Simmering anger in Indonesia over Malaysia’s “theft” of a traditional
dance is spurring unlikely calls for war in the latest spat between the
two traditionally testy neighbors.
The dispute started in
Indonesia in August after word spread Malaysia had screened tourism
advertisements featuring the traditional “pendet” dance of Indonesia’s
Hindu-majority Bali island.
The ad quickly turned out to have
been a botched promotion for a Discovery Channel program on Malaysia,
with no role played whatsoever by Malaysia’s government, but that has
done little to dampen feelings here.
Protesters vowing to “crush
Malaysia” have burned Malaysian flags and thrown rotten eggs at the
country’s embassy, while local media have for weeks run a steady stream
of reports of Malaysian outrages, most of them recycled.
Many media have also studiously ignored an admission of guilt and apology from Discovery.
– as they do in nearly every one of the two countries’ frequent
disputes — have already opened registration for volunteers willing to
go to war with Malaysia, but admit this is largely a symbolic gesture.
has, in so many ways, robbed, stolen from and insulted Indonesia…
we’re offended as a people. We’re angry, we’re disappointed, we’re
upset,” Mustar Bonaventura, the coordinator of a Jakarta recruitment
drive by nationalist youth group Bendera told AFP.
“We have 486
volunteers who have signed up and they are ready for any
consequences… All that’s left for us with Malaysia is war,” he said.
conceded war was very unlikely, but said the group had stockpiled food,
medicine and weapons including samurai swords and ninja throwing stars,
just in case.
Indonesian politicians have also voiced their
displeasure to Malaysia over the controversy, and received apologies in
return, but the issue has refused to die down.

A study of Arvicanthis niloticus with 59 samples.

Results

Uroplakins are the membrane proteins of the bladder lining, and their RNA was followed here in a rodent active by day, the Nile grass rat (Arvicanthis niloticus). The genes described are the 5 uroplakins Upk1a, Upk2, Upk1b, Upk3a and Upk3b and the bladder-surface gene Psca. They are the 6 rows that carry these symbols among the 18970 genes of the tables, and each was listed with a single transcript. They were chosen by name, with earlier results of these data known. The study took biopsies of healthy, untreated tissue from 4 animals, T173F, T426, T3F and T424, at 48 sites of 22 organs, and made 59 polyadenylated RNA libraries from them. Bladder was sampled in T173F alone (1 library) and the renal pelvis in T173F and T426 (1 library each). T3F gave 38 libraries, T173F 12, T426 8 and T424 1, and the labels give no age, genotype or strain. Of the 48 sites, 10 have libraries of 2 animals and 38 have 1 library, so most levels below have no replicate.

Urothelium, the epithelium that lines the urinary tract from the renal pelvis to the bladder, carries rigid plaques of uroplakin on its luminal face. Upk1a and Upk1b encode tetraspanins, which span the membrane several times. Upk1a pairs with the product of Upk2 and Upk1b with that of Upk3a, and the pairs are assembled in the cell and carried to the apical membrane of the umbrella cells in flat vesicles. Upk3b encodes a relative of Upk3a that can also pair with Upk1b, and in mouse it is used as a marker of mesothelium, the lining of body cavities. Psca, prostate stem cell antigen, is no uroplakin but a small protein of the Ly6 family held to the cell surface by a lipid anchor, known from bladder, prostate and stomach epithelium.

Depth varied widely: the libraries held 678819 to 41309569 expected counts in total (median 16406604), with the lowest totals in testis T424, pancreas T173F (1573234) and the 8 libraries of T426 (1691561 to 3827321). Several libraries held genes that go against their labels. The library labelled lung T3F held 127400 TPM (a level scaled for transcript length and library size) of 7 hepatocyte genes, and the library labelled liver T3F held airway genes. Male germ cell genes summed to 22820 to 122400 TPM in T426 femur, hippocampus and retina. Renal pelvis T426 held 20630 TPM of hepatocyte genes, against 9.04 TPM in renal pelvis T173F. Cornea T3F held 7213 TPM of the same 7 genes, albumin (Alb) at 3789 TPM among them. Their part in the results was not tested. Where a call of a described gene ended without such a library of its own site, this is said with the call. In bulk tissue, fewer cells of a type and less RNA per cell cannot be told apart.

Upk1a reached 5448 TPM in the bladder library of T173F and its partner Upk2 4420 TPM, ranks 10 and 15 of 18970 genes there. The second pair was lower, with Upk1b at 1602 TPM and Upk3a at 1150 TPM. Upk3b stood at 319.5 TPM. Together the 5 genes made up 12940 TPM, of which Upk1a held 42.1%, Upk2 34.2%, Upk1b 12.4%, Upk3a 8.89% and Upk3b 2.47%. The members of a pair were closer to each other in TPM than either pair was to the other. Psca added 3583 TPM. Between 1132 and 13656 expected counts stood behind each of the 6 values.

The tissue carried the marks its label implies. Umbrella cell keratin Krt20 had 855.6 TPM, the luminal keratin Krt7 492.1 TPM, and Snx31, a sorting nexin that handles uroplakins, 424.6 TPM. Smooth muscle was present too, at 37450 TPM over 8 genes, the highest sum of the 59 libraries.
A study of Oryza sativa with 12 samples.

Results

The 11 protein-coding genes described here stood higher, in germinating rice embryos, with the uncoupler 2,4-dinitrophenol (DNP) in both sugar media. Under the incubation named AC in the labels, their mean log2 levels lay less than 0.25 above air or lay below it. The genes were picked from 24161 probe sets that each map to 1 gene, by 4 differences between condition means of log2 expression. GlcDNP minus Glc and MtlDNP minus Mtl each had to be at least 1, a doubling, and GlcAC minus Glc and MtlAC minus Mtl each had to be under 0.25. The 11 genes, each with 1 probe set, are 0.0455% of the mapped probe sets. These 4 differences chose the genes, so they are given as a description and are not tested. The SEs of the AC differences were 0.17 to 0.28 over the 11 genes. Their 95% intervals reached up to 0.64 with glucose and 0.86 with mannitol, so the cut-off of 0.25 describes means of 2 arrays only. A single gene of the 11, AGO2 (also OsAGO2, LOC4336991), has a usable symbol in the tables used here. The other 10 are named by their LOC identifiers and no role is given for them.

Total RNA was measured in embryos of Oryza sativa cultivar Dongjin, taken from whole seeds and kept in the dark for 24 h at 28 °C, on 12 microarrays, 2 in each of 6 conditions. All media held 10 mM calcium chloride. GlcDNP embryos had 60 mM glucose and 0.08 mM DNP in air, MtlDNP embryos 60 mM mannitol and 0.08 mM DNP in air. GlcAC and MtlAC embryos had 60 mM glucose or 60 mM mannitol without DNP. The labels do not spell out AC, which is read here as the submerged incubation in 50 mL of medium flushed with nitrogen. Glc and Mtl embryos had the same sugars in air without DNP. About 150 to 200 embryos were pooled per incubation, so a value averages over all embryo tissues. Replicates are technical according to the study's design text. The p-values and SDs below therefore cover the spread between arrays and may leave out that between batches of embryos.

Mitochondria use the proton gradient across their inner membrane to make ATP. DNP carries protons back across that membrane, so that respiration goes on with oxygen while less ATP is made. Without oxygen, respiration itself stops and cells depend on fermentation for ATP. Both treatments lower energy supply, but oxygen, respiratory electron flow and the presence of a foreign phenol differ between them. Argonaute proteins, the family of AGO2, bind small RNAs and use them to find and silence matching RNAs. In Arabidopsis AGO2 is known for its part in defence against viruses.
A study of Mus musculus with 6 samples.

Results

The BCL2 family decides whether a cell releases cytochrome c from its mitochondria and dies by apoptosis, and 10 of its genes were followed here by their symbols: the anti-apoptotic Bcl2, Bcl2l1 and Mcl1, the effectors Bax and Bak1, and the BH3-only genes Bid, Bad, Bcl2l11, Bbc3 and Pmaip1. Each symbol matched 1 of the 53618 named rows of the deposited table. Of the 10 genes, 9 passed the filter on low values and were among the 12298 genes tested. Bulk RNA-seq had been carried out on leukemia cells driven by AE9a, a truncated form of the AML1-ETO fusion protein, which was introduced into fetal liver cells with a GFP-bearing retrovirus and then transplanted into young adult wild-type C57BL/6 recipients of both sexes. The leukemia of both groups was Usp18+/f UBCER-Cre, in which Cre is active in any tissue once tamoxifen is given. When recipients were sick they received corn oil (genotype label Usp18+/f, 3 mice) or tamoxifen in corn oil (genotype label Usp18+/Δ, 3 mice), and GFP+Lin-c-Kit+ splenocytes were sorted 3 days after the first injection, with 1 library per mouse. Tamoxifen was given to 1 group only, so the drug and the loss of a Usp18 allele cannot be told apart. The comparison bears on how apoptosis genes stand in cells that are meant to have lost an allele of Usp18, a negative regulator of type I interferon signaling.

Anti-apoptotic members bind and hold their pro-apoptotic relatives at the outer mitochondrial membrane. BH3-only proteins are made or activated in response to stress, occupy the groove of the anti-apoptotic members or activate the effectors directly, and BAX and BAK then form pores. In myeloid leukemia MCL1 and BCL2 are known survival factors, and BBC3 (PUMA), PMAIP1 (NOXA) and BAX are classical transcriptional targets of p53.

and others, the pendet dance controversy is only the latest in a string
of perceived insults by Indonesia’s wealthier and more developed
Stories of horrific mistreatment of Indonesian
migrant workers by their Malaysian bosses have for years raised public
anger, as have territorial disputes over islands and the two nations’
shared maritime boundaries.
Indonesian nationalists have also
claimed in recent weeks that Malaysia’s national anthem plagiarised an
Indonesian song, but have been dealt a blow by musicologists who say
both borrow from a 19th-century French tune.
A 2007 dispute over
the use of “Rasa Sayange”, a folk song that originated in Indonesia’s
Maluku islands, in a Malaysian tourism ad also has more than a whiff of
familiarity with the current dispute.
According to political
analyst Wimar Witoelar, the current spat draws on a long history of
resentment that has built up between Indonesia and Malaysia despite
largely similar languages and cultures.
Witoelar said the roots
lie mainly in the early 1960s, when charismatic former President
Sukarno whipped Indonesia into a fervour in a campaign of
“konfrontasi”, or armed confrontation aimed at destabilising the newly
created Federation of Malaysia.
“The basic resentment that
Sukarno encouraged did not go away easily. It was just submerged, so it
become significant when it turned out Malaysia became more successful,
especially economically,” he said.
Spats over culture and tourism are part of this built-up resentment, Witoelar said.
17,000 tropical islands, beaches, reefs and a rich cultural heritage,
just over six million foreign tourists visited Indonesia last year,
compared with around 22 million visitors to Malaysia.
by a sensationalist media, this is just another issue of hurt pride
that can incite people “deprived of common sense, deprived of
intelligence, deprived of understanding,” he said.